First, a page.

This Accounts Receivable Turnover Ratio Excel model is for beginners who are looking to learn more about the ratio, and who want to teach themselves based on an example. The A/R turnover ratio, or debtor’s turnover ratio, is an efficiency ratio that measures how the ability of a company to collect cash from its debtors. The A/R turnover ratio measures the number of times over a given period that a company collects its average accounts receivable. This ratio is an efficiency ratio which measures the financial and operational performance of a company. A high A/R turnover ratio means that the company's customer base is able to pay their debts quickly and that the company follows a tight credit policy. On the other hand, a low ratio indicates that the company has an inefficient credit sales collection process, which could arise from extending credit terms to non-creditworthy customers or extending credit policy for too long.
Receivable Turnover Ratio FormulaThe formula for calculating the A/R turnover ratio is expressed as the following: A/R Turnover Ratio = Net Credit Sales / Average Accounts Receivable Where:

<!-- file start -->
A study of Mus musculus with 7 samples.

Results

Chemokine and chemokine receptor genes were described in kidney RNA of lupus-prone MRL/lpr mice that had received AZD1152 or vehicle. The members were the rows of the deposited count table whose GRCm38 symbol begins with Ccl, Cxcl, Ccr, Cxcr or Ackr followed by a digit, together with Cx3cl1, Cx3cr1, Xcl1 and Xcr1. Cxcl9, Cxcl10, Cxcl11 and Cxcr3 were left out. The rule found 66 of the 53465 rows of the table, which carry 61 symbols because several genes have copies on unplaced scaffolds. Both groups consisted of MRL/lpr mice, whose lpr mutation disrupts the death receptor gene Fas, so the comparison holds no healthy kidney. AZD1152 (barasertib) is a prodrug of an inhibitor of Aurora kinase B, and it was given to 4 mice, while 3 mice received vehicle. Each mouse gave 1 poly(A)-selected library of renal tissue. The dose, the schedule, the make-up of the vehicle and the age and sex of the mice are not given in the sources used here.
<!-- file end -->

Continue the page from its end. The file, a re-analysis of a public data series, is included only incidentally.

- Net credit sales = Sales on credit - Sales returns - Sales allowances
- Average accounts receivable = (Beginning A/R + Closing A/R) / 2
A/R Turnover in DaysThe A/R turnover in days (also referred to as days sales outstanding) measures the number of days it takes a customer to pay off credit sales. The formula is as follows: Receivable turnover in days = 365 / Receivable turnover ratio Generally speaking, a company would want to have a high receivable turnover ratio and a low days sales outstanding to optimize its credit collection process and ensure a consistent cash inflow from credit sales.
Learn More About Accounts Receivable Turnover RatioCheck out CFI's guide on A/R turnover ratio to have a better understanding of its definition, formula, and uses!